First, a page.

Intel Report with Sketch from Agent “C” on Japanese Movements in San Juan - Batangas History, Culture and Folklore Intel Report with Sketch from Agent “C” on Japanese Movements in San Juan - Batangas History, Culture and Folklore

Intel Report with Sketch from Agent “C” on Japanese Movements in San Juan

The Luansing Unit Fil-American Batangas Guerrillas were commanded by one Galicano Luansing and known loosely as the “Luansing’s Unit.” This guerrilla outfit was at one time or the other during the Japanese occupation affiliated with the Fil-American Irregular Troops and also the President Quezon’s Own Guerrillas. By the time the Allied forces returned to the Philippines, it was operating independently. This unit assisted the United States Army in campaigns against the Japanese forces from Balayan, Batangas Town, Lipa, Rosario and San Juan. In this originally handwritten document1, an unidentified Agent “C,” presumably a member of the Luansing Unit, submitted an intelligence report on the presence and supposed abandonment by the Japanese Imperial Army of the town of San Juan, Batangas. The reader is advised to read through to the end because Agent “C” made amendments to his/her initial report.

About the Map Below: The map above was originally contained in two digital pages of the source document, stitched together using graphics editing software. The map appears not to have been scanned completely because the places mentioned in Agent C’s report are not visible.

[p. 1]

[Sketch of Area]


[p. 2]

[Originally handwritten.]


(1) Due to the latest activities of the Japanese Imperial Forces now stationed in San Juan, it is hereby respectfully reported that to the best knowledge and information of the undersigned, the ammunition and arms of the Japanese forces are now being removed from this town. It will be seen in the accompanying sketch that in the SW of the said sketch is a circle marked “No. 8” with the word “mountain.” The said circle No. 8 represents what is locally known as the “Gulugod Baboy” and it was formerly in this place that the Japanese strongly entrenched themselves, building deep and long tunnels under the mountain, and storing therein their arms and ammunition. They placed anti-aircraft guns in this place and long-range cannons. However, it is reliably reported to the undersigned that the Japs are now abandoning this place, taking with them their arms and ammunition. As of the time of writing of this report, there are now in the said mountain only about from 50 to 70 Japanese soldiers and now few war ammunition and materials.

(2) In the attached sketch is a square denominated “Church” and marked with No. 1 enclosed in a circle. The church tower was formerly used as a Jap watchtower with two or three Japanese soldiers always on the alert. Now, the undersigned no longer sees these soldiers there. Also, the square marked “school” with number “2” encircled is now abandoned, and there are no Japs or materials there. The same thing is true with regards to the other places indicated in the sketch.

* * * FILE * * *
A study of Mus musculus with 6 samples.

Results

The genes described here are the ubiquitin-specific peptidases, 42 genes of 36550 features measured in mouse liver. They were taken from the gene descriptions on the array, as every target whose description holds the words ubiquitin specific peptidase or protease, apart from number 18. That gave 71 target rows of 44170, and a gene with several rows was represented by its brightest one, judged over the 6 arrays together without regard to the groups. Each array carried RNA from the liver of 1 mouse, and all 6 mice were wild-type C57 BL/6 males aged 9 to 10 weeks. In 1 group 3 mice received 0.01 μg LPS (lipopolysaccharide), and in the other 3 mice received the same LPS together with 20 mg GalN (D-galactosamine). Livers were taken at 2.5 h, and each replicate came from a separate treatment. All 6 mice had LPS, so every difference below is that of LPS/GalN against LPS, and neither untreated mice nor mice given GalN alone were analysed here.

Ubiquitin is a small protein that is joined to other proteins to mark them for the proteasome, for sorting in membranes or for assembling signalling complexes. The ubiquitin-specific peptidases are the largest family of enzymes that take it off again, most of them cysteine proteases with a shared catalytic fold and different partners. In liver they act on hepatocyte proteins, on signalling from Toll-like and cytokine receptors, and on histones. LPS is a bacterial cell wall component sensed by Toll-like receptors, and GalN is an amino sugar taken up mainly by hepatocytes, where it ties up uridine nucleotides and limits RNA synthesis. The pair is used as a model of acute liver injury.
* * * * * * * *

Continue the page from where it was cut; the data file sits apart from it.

(3) As is stated at the outset of this report, the Japs are now leaving the town with their arms and war materials. To the best knowledge and information received, these Japs are moving to Candelaria, Tayabas [now Quezon Province], and their men and materials mostly remain there at the time of this writing this report. If what is now known is certain, these Japs will be able to completely abandon the town maybe one week from today.

(4) In view of the above, it is respectfully reported that due to the present movement of the Japs to leave this town, the undersigned feels constrained to state that this report does not contain much of great importance, as there no longer remains in this town any place that may be significant.


Agent “C”

[p. 3]

Amendment to foregoing report:

It is stated in paragraph No. 1 of this report that the circle marked “No. 8” in the sketch (Gulugod Baboy) is being abandoned. Before this report is concluded, the operative of the undersigned just arrived and reported that there still remain in the said Gulugod Baboy mountain the Japs and their ammunition. The Japs are occupying three houses at the foot of the mountain and the ammunition is stored up in holes dug under the mountain. It cannot be reported with certainty when these Japs will leaving or whether they will leave at all. Hence, the amendment to the foregoing report.


Reports received lately show that in the barrio of Catmon, SE of sketch and marked with circle, there still remain some Japanese soldiers, not exceeding 50 in number, and naturally some arms and ammunition.


Notes and references:
1 “Luansing Unit, Fil-American Batangas Guerrillas,” File No. 63, downloaded from PVAO.